What Happens When You Make Buttercrunch Without Corn Syrup?

January 20: National Cheese Lover's Day. National Coffee Break Day. And...National Buttercrunch Day!

Well, I'm going to stick with the latter, and enjoy it with the one right before it. Or maybe I could garnish cheesecake with buttercrunch and enjoy it with coffee and have a food holiday trifecta?

Nah, I think I will stick with the buttercrunch since I've never made it before. 

Have you ever made buttercrunch? Do you know what it is? Are you annoyed that I keep on saying the name? 

To the uninitiated, buttercrunch (I LOVE THE NAME and will not stop saying it btw) is a confection featuring a hard caramel candy coated on the top and bottom with chocolate and nuts. Sometimes the nuts will be almonds, sometimes pecans, whatever. You get the general idea, though: this is good stuff. I associate it with confectionery stores that sell chocolate bark and truffles by the pound - not necessarily the precious chocolate shops of the modern age, but the types of places like my family favorite, Jean Louise Chocolates in Spring Lake!

But most recipes for it call for corn syrup. I don't really like to use corn syrup, not because I am morally opposed to it but because I don't make enough recipes that call for it to warrant having it around, and as I was looking through recipes, I didn't want to make an extra trip to the store. So, I wondered, what would happen if I made it without corn syrup?

So, I substituted honey instead of corn syrup. What would happen? 

I wasn't sure if omitting the corn syrup would make the candy grittier in texture, or if it wouldn't set up properly, but I wanted to find out. 

Here's the recipe, along with photos of the process. For a printable recipe, click here

Homemade buttercrunch without corn syrup


  • 1 cup (16 tablespoons) unsalted butter
  • 1 1/2 cups light brown sugar, packed
  • 1/2 teaspoon salt
  • 3 tablespoons water
  • 1 tablespoon honey
  • 2 cups pecans, finely cut, toasted
  • 2 1/2 cups bittersweet chocolate, finely cut  

Fit a candy thermometer on the side of a large, heavy bottomed saucepan. Place the butter in a large saucepan. Heat on low until melted. Add the sugar, salt, water, and honey. (this is normally when you'd be using the corn syrup, usually; I added the honey).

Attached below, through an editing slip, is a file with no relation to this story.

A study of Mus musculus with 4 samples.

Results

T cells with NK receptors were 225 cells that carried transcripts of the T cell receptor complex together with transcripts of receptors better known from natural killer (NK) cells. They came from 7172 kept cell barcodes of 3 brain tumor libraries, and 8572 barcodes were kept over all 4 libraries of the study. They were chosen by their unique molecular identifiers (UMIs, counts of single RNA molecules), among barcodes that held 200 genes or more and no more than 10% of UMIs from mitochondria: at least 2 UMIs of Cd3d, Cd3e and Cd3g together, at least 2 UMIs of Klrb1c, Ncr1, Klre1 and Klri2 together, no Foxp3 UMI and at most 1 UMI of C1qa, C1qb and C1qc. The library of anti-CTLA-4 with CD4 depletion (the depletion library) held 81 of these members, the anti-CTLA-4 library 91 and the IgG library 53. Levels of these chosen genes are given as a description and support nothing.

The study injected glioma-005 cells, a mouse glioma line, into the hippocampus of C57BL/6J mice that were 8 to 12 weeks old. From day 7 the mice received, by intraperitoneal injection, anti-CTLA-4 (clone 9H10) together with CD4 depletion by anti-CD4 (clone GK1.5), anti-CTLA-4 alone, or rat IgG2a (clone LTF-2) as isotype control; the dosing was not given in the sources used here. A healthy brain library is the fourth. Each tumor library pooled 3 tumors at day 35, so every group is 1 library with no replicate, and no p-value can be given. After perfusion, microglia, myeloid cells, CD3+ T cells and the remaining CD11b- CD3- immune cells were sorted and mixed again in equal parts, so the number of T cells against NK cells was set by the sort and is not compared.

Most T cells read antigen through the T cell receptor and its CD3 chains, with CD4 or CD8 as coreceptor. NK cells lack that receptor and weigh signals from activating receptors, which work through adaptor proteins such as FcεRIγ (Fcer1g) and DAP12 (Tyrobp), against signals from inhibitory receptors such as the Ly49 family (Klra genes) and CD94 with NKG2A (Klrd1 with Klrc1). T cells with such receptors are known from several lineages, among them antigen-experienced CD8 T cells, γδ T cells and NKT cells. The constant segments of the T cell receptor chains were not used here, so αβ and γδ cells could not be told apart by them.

Raise the heat to medium. It will come to a boil. Once it does, keep a close eye on the temperature. Keep the mixture bubbling until it reaches 290 degrees F. Since this will take a little while (like 10-15 minutes), you can perform the next steps concurrently. (I performed these steps concurrently with plenty of time). At this point, it was still hard to tell if there would be any difference. 

Melt the chocolate in a double boiler or in the microwave.

Lightly grease a half-sheet bake pan or the inside of a casserole pan. Line with a strip of parchment paper to use as a handle later. Scatter half of the nuts on top, and then gently spread half of the chocolate on top, trying to keep the mixture from tearing up the nuts. 

By now, your candy mixture is probably nearing 290 degrees F, so let's go back to it.

Once the mixture reaches between 290 and 295 degrees F, remove from heat and immediately pour on top of the nut/chocolate mixture. try to pour in such a way that the candy mixture evenly coats the chocolate in a single coat. It will begin to "set" quickly. That is OK.

Gently spread the remaining chocolate on top. Gently! Scatter the rest of the nuts on top. You can gently press the nuts holding a sheet of parchment paper to adhere them to the chocolate. 

Let the mixture set. Once the chocolate appears to be getting firm, but not waiting until it gets hard, use a spatula to loosen the candy from the pan. Once loosened, let the mixture set in the pan. Once set, cut into shards to serve. This is a little messy because I should have waited longer to cut, but gosh-darn, it was delicious. 

The finished candy had a texture that was perhaps slightly less smooth than some buttercrunch candies I have tried, but perfectly firmed, and the flavor was spot on. The honey offered a nice mellowness to the sweetness. I would absolutely make buttercrunch this way again!

UPDATE: Here's a picture of the butter crunch after it had set and I broke it into chunks! Yum City, population ME.